California growers expect a normal pumpkin crop, but supplies from the East Coast and Texas could be down because of extreme weather.

Temperatures did not get too high this summer in fields harvested by Van Groningen & Sons Inc., Manteca, Calif., said Ryan Van Groningen, sales manager.

As a result, the company is expecting normal to above-normal volumes and quality.

“It’s still hard to tell about yields, but the fields look good, the vines are good,” Van Groningen said Aug. 31.

Van Groningen & Sons began shipping in a light way Aug. 29. Volume shipments are expected by the week of Sept. 12 or Sept. 19.

Heat took its toll on the pumpkin crop marketed by Turek Farms, King Ferry, N.Y., said Jason Turek, partner.

“About half of the late-planted crop looks fairly nice, another half is on the small side,” he said. “It’s just one of those years where you can’t do anything.”

Some later fruit, Turek added, may not make it to harvest.

“A lot of fruit set, but then shriveled and fell off.”

Meanwhile, some growers east of Turek Farms, in the Connecticut River Valley, suffered flood damage from Hurricane Irene, Turek said. Some growers to the west, however, were faring better than Turek Farms, he said.

In Texas, extreme drought and heat is taking its toll on the crop marketed by Jackson Melons Inc., Henderson, Texas, said Kevin Green, salesman.

“The drought’s really whooping it, and when it’s so hot, they don’t pollinate well,” Green said. “The vines are not taking the heat well.”

Green said Jackson Melons will be lucky to have half a crop this year, and fruit will likely be on the small side. Harvest should begin about Sept. 10-14, Green said.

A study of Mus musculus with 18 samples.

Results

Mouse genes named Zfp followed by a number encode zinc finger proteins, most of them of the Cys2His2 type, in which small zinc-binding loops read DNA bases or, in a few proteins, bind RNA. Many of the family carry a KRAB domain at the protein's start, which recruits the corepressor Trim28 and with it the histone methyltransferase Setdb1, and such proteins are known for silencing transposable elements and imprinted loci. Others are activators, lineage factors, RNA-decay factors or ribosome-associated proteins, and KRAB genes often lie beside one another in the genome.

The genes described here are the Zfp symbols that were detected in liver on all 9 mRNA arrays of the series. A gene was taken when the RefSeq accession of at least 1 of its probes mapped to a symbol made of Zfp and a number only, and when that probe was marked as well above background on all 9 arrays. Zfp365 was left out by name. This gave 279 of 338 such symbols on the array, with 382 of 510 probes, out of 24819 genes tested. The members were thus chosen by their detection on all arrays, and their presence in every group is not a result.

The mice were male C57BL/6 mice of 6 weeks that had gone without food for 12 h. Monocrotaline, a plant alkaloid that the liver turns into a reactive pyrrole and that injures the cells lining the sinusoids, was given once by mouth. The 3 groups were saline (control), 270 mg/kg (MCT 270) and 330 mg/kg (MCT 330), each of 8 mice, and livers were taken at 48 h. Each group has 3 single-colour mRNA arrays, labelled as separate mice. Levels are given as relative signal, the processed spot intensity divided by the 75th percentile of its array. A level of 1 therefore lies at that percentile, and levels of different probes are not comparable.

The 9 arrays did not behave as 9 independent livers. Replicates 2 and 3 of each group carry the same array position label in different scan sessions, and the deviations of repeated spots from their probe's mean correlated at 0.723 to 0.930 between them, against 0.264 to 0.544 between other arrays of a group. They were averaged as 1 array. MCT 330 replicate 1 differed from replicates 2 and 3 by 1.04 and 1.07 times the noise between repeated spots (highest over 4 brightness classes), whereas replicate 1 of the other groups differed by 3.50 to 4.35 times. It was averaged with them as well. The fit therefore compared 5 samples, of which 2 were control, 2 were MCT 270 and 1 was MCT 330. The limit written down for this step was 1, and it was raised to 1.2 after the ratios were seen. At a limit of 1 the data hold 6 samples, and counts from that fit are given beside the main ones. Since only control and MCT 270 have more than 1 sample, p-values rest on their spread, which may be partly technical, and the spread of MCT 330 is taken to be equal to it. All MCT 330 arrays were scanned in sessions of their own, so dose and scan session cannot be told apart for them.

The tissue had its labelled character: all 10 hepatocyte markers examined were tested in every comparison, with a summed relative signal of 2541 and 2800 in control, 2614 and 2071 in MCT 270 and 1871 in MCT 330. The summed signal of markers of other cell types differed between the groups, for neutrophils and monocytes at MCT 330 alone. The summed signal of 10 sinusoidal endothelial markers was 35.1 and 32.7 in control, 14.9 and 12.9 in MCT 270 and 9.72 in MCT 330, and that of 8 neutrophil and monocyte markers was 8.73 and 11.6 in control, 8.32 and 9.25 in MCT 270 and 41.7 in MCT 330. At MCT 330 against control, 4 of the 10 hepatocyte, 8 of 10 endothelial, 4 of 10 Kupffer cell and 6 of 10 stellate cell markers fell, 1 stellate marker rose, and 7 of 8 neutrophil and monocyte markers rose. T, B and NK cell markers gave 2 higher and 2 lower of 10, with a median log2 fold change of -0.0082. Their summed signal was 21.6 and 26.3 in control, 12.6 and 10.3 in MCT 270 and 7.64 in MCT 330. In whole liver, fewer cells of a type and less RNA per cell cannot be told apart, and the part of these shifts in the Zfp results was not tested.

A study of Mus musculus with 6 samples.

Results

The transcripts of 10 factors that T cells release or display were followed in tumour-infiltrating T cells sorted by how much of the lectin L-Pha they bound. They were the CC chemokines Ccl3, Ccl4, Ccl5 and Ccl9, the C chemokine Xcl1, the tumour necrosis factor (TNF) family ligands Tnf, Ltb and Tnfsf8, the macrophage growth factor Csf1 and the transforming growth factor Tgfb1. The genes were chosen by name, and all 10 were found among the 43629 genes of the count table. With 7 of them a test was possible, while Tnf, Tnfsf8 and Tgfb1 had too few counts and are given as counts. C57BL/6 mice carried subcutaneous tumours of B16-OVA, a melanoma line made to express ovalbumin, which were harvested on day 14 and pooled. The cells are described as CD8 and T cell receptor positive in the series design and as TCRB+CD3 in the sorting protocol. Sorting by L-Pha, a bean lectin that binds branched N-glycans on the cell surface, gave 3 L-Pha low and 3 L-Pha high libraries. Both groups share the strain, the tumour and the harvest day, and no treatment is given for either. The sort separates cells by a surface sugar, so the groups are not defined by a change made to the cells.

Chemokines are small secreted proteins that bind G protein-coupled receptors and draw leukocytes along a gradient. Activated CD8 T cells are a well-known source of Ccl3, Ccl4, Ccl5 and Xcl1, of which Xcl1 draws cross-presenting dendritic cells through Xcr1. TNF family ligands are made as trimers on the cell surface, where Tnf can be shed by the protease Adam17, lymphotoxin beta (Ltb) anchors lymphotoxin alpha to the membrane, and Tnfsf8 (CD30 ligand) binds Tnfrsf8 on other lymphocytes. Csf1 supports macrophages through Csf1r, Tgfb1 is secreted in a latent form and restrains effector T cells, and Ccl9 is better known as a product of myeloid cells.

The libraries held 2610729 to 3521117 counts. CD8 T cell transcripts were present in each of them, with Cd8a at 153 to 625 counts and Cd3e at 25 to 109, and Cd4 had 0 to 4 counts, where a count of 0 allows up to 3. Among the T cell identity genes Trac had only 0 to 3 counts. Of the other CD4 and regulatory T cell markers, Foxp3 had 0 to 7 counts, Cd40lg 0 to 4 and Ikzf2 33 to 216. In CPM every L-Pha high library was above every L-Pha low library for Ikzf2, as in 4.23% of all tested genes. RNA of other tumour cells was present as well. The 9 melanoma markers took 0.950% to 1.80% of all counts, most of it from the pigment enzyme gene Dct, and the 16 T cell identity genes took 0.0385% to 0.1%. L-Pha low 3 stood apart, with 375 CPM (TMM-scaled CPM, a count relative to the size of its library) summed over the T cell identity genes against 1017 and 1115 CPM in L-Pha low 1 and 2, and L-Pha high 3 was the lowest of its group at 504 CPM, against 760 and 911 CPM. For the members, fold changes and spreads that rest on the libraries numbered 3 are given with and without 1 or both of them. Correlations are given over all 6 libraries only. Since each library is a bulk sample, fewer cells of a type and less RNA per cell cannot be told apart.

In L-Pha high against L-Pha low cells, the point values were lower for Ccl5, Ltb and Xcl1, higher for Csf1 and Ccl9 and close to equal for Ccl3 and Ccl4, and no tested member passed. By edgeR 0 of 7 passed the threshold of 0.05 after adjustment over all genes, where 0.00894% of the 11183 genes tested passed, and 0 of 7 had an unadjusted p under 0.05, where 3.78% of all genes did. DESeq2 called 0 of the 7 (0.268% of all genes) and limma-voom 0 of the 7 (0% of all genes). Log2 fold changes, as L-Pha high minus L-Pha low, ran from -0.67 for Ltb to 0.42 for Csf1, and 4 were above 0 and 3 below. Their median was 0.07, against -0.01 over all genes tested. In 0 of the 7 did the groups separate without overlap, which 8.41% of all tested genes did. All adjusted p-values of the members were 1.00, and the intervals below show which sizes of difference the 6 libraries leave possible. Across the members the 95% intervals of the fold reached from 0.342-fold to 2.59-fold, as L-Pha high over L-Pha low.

Problems in other growing areas won’t necessarily mean an influx of California product, Van Groningen said. With freight costs so high, many retailers won’t be willing to mark pumpkins up proportionately.

“A pumpkin that was $3 or $4 is now $8 or $9,” he said. “Some would almost rather go without them.”

Demand could, however, increase closer to home, Van Groningen said. Western states that normally sourced from Texas could turn to California this season.

About 75% of Van Groningen & Sons’s pumpkins are sold on contract by mid-summer, Van Groningen said. Prices on the other 25%, however, could fluctuate because of growing problems elsewhere in the U.S., he said.

On Aug. 30, the  U.S. Department of Agriculture reported a price of $350 for 24-inch bins of large Cinderella pumpkins from Virginia sold on the Baltimore terminal market, up from $300 last year at the same time.